December 8, 2011
Keeping Our Beaches Safe
New wireless sensor device rapidly detects E. coli in water samples
Fecal contamination of public beaches caused by sewage overflow is both dangerous for swimmers and costly for state and local economies. Current methods to detect Escherichia coli, a bacterium highly indicative of the presence of fecal matter in water, typically require 24-48 hours to produce a result. A new, accurate, and economical sensor-based device capable of measuring E. coli levels in water samples in less than 1-8 hours could serve as a valuable early warning tool and is described in an article in Environmental Engineering Science, a peer-reviewed journal published by Mary Ann Liebert, Inc. (http://www.liebertpub.com). The article is available online at http://www.liebertpub.com/mcontent/files/EES-2011-0148-Nijak_5P.pdfThe article provides a detailed description of the autonomous, wireless, in-situ (AWISS), battery-powered device, which contains a prototype optical sensor that can measure changes in fluorescence intensity in a water sample. In the presence of E. coli bacteria an enzymatic reaction will cause an increase in fluorescence. The AWISS can detect high concentrations of bacteria in less than 1 hour and lower concentrations in less than 8 hours.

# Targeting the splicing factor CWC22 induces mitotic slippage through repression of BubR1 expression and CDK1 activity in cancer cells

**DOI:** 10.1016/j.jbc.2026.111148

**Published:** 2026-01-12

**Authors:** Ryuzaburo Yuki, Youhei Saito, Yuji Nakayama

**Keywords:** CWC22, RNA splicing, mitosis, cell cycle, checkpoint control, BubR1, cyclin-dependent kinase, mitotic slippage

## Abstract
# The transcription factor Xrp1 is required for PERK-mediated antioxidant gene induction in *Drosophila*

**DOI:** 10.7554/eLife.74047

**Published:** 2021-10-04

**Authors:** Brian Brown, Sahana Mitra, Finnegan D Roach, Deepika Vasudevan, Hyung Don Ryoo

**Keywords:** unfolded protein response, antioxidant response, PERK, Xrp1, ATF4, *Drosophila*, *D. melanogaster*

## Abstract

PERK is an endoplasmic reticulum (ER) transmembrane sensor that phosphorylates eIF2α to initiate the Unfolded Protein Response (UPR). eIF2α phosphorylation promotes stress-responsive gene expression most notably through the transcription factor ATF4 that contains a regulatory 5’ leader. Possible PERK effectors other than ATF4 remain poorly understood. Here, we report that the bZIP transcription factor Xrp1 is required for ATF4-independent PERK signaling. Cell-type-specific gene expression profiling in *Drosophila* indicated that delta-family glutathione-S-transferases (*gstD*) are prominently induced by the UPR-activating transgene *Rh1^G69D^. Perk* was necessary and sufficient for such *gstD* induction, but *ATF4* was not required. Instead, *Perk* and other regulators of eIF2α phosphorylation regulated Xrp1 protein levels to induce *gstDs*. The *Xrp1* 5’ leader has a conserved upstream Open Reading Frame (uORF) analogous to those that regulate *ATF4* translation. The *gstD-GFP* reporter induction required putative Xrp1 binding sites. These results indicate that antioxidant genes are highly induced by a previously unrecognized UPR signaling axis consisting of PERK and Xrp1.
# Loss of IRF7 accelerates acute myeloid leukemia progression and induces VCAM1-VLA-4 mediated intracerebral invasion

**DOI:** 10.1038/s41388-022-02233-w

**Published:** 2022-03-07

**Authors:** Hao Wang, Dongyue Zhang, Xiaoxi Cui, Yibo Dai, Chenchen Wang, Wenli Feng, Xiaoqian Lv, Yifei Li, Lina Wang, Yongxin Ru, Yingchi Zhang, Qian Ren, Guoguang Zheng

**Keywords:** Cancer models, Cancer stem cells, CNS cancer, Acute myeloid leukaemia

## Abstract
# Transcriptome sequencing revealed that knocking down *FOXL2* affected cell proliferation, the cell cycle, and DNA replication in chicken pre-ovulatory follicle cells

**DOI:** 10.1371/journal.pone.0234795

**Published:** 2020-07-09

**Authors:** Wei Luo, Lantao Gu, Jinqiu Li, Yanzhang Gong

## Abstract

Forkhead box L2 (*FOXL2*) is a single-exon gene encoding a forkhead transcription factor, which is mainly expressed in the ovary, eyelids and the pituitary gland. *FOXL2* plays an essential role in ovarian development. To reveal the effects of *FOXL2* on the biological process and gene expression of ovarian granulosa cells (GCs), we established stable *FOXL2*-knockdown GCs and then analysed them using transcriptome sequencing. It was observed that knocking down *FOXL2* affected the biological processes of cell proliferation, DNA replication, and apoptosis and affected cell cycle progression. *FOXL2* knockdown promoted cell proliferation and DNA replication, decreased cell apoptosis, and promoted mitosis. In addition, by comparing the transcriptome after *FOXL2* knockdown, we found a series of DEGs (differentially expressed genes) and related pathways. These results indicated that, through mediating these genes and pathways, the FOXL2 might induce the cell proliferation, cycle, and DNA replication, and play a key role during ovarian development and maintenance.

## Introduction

Jeffrey Talley (Johns Hopkins University, Baltimore, MD) and colleagues (Environmental Technology Solutions, Gilbert, AZ, and the U.S. Army Corps of Engineers, Vicksburg, MS), present the results of a 7-day demonstration project using the AWISS device. The detection system developed is able to collect and analyze a water sample every 6 hours and to employ wireless transmission to send the data collected to remote monitoring stations. The authors compare the effectiveness of the AWISS to other E. coli detection methods currently approved by the U.S. Environmental Protection Agency (EPA).
"Pathogens in the aquatic environment pose significant human and ecological health risks. The work of Professor Talley and his colleagues in developing a remote sensing instrument to detect and transmit pathogen water quality information is a major advance in helping safeguard human health," says Domenico Grasso, PhD, Editor-in-Chief and Vice President for Research, Dean of the Graduate College, University of Vermont (Burlington).